My classmates and I recently celebrated 57 years of priesthood in the Archdiocese of Boston.
Over the years, we have celebrated thousands of Masses, baptisms, weddings, and funerals.
We have brought the Sacraments to the sick, and made countless visits to hospitals and
nursing homes. Some of us also have taught in Catholic schools.

Many in my family were educators, and I really enjoyed teaching. Jesus used stories to teach
the Gospel by taking real life situations and applying them to eternal life. Children love stories,
so I would tell my students stories about the saints. Most of the saints faced many of the
problems that we face today, so we can learn a great deal from them.

As the years passed, I had to remember that my own education was important, too. To this
end, I took sabbaticals at the University of Notre Dame and Seton Hall University where I
could avail of presentations given by biblical scholars and liturgists from all over the world.

At that time, there were many changes happening in our Archdiocese. The clergy shortage
was just beginning, and some of our duties as pastors were being performed by lay people.
It was also during this season of change that Fr. Bob Connors began hosting weekly suppers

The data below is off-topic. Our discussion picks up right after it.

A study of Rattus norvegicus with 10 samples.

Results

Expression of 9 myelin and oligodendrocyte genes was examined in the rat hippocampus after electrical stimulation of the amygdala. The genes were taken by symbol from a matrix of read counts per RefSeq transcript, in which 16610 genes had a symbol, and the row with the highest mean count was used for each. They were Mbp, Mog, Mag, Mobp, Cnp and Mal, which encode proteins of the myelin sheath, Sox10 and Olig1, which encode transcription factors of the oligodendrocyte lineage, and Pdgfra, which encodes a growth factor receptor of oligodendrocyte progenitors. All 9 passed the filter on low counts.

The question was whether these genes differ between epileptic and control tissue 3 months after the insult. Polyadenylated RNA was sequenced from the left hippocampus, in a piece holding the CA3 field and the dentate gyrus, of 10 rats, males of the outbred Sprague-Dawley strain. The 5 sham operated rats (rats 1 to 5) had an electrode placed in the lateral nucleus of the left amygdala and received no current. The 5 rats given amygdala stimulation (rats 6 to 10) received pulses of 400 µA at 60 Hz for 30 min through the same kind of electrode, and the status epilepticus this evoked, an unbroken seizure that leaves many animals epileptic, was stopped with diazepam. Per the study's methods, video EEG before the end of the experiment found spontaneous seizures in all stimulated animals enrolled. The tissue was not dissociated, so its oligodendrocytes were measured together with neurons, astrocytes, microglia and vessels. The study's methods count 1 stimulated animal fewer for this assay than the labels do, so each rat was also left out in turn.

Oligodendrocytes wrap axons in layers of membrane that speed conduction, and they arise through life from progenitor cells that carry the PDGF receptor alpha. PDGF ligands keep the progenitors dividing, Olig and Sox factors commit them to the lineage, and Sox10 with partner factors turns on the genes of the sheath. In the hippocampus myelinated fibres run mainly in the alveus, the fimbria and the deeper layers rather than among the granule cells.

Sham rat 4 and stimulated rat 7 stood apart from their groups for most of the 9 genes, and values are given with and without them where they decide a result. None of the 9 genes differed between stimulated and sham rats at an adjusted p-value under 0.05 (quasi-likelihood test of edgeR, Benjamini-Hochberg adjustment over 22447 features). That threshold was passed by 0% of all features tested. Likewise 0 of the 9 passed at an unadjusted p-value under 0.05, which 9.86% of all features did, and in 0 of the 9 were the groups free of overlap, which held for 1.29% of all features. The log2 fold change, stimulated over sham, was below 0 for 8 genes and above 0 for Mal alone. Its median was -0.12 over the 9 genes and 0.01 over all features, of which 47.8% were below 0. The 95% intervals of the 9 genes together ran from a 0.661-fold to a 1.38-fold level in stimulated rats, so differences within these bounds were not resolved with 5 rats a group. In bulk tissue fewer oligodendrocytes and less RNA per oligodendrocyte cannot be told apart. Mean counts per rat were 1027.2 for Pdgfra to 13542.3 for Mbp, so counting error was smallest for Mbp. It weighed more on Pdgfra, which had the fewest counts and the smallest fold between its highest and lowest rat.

for local priests at his parish in Newburyport. These times of priestly fellowship and good
meals became one of the highlights of my week.

When I retired, Fr. Louis Bourgeois kept a Saturday night dinner group going. He liked to call it
the ROMEO Club—Retired Old Men Eating Out. We enjoyed the company and we were home
in time to watch the Red Sox.

Today I live at a residence for senior priests called Regina Cleri, but I am still able to go out to
parishes to celebrate Mass. I’ve met so many wonderful people over the years who have
helped me along my journey as a priest. What a journey it has been. I smile and take solace
in the quip of a friend who recently said to me, “Father, relax. The first 57 years are the hardest.”

*To watch a video featuing Fr. Cunney, click here.